How Do You Measure Tread Depth on Your Tires?

When your tires don’t have enough tread depth, you’re at greater risk of hydroplaning, punctures and reduced traction. Fortunately, measuring tread depth regularly is a simple and surefire way to help ensure your tires will stick to the road and keep you safe.


With a toonie

Slip a toonie in between your tread blocks. If the tread reaches the bear’s paws, your tires have lots of tread left (they’re probably new!). If the silver part of the toonie is covered by the tread block, your tires are about half worn. And if the tread reaches only as far as the letters (‘CANADA’ or ‘DOLLARS’), your tires are worn and need to be replaced.


With tire tread wear indicators

Your tires may also have built-in tread wear indicators. They’re little raised bars—usually six on each tire—along your tires grooves that mark the minimum permitted tread depth. If these indicators are worn, replace your tires right away.



With a tire tread depth gaugeTread-Depth-Guage

Tire tread depth gauges are a fast and easy way for you to know for sure if your tires are safe or if they need to be replaced. Tire tread depth gauges are available at most gas stations. Keep one in your glove compartment for easy access.

  1. Find the shallowest groove of the tread and insert the pin of the gauge until the base is flush with the tire.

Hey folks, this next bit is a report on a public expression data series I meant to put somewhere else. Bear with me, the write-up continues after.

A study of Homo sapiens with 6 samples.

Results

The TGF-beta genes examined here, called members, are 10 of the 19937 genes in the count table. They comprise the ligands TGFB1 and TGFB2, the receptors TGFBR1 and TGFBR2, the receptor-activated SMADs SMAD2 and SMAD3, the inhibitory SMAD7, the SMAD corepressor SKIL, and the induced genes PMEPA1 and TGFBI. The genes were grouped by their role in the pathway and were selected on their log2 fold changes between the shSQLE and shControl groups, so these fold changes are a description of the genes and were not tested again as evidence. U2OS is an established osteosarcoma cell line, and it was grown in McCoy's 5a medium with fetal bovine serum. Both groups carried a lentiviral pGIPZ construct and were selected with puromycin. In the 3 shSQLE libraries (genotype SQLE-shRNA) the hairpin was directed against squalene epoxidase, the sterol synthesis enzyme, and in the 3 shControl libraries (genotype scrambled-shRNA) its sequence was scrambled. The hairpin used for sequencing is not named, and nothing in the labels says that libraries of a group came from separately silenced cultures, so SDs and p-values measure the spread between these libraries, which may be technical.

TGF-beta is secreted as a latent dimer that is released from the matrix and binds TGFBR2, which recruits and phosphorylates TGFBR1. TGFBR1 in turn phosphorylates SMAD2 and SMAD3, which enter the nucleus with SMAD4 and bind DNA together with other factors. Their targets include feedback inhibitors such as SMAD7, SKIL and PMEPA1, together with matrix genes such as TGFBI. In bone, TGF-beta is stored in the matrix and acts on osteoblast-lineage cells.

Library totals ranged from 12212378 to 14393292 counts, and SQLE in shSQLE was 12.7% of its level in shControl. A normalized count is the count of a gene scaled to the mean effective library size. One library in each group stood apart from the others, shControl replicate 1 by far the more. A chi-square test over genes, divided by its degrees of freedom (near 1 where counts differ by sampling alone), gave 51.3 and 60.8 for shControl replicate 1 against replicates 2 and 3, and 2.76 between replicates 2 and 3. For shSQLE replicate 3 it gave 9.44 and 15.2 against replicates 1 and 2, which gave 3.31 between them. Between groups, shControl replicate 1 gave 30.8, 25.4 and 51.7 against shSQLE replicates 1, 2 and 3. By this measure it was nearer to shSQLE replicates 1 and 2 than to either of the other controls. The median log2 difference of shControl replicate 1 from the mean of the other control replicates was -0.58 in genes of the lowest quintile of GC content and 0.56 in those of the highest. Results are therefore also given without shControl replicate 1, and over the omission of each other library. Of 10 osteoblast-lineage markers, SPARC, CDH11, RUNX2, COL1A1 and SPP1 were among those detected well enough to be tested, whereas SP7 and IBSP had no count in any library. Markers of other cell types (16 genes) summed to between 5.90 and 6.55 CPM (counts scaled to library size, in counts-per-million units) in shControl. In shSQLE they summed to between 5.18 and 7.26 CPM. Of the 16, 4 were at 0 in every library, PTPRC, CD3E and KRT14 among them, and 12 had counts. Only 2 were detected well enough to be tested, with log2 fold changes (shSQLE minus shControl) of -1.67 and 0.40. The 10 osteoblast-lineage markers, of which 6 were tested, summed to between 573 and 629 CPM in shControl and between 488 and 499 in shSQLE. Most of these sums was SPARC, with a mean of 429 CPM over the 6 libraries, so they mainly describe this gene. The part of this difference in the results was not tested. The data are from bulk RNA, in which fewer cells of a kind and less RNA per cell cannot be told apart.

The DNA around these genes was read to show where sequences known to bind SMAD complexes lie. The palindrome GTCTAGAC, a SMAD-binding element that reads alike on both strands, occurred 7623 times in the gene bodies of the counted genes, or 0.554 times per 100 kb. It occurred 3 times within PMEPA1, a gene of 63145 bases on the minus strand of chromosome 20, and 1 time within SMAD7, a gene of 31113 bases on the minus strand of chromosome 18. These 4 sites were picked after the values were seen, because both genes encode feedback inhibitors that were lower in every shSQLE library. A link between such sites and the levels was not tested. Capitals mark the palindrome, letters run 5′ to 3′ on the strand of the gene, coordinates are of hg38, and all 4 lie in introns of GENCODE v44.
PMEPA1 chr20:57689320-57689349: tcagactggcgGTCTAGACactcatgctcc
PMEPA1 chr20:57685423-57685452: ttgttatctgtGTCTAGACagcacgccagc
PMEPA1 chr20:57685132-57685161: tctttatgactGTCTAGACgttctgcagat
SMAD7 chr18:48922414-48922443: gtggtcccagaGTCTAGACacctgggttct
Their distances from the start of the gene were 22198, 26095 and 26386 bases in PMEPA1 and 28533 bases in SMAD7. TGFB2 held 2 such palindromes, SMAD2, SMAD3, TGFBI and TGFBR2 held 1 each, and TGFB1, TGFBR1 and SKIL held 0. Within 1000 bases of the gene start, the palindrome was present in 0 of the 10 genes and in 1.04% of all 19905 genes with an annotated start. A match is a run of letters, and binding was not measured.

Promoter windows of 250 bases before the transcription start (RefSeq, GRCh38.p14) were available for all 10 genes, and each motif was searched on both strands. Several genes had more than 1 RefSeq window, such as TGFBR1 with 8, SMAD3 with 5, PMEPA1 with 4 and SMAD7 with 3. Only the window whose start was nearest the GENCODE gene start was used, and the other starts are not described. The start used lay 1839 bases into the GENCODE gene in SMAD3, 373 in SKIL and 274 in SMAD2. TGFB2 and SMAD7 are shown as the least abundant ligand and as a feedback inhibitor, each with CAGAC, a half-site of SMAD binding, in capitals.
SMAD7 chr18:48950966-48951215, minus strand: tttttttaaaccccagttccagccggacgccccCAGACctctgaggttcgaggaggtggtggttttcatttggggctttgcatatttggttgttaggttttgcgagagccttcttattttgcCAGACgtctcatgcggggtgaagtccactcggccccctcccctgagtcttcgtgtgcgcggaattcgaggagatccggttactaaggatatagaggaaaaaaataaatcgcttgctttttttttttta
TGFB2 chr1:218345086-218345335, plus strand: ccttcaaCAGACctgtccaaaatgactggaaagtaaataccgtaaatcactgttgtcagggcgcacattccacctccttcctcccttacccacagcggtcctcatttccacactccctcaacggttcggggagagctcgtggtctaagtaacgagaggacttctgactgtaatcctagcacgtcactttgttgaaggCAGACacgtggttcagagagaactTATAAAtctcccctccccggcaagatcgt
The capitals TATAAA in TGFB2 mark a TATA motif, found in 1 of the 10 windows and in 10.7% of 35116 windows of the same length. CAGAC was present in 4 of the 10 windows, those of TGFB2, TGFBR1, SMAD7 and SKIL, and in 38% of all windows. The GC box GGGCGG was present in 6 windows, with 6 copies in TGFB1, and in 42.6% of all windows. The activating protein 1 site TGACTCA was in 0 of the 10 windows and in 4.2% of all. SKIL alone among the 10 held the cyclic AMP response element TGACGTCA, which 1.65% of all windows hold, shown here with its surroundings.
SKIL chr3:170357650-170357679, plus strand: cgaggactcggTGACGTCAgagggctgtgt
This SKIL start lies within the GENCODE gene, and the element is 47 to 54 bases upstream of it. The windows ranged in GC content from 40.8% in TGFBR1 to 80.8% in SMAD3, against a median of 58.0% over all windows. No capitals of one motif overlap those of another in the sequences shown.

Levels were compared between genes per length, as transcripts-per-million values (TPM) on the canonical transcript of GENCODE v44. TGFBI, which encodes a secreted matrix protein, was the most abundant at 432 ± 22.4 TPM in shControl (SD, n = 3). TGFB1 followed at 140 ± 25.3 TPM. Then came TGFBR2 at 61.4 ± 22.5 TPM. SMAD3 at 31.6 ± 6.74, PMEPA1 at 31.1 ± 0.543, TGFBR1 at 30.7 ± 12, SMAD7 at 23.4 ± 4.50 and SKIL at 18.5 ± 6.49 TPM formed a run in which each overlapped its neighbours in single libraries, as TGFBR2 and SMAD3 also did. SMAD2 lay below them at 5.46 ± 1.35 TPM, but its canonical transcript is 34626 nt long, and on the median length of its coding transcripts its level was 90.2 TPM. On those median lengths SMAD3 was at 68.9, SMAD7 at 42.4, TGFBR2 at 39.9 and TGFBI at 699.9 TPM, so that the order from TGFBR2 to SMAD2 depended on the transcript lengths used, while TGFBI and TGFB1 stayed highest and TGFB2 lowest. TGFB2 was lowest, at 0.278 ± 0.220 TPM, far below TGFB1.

2. Read the scale. Here’s what you might see, and what you should do:

 Tread depth What to do

  • 6/32” Your tire’s tread depth is sufficient.
  • 5/32” If wet roads are a concern, consider replacing your tires.
  • 4/32” – 3/32” Seriously consider replacing your tires as soon as possible.
  • 2/32” Your tires are legally bald and need to be replaced.

According to most manufacturers, and even the law in most provinces, your tires should be replaced when the tread depth reaches 4/32” in the winter and 2/32″ in the summer. If your tread depth wears to those levels, your tires are considered bald and a safety hazard.


Tires at or above the recommended tread depth level can give you better traction, reduced risk of punctures and the ability to dispel moisture so you won’t hydroplane on wet roads.


While you’re checking tread depth on your tires as part of your regular inspections, be sure to look for other signs of damage and aging, such as cracks, bulges or abrasions.


If you want to be sure your tires are safe for everyday driving and road trips, have them inspected by the professionals at one of the many Kal Tire locations near you.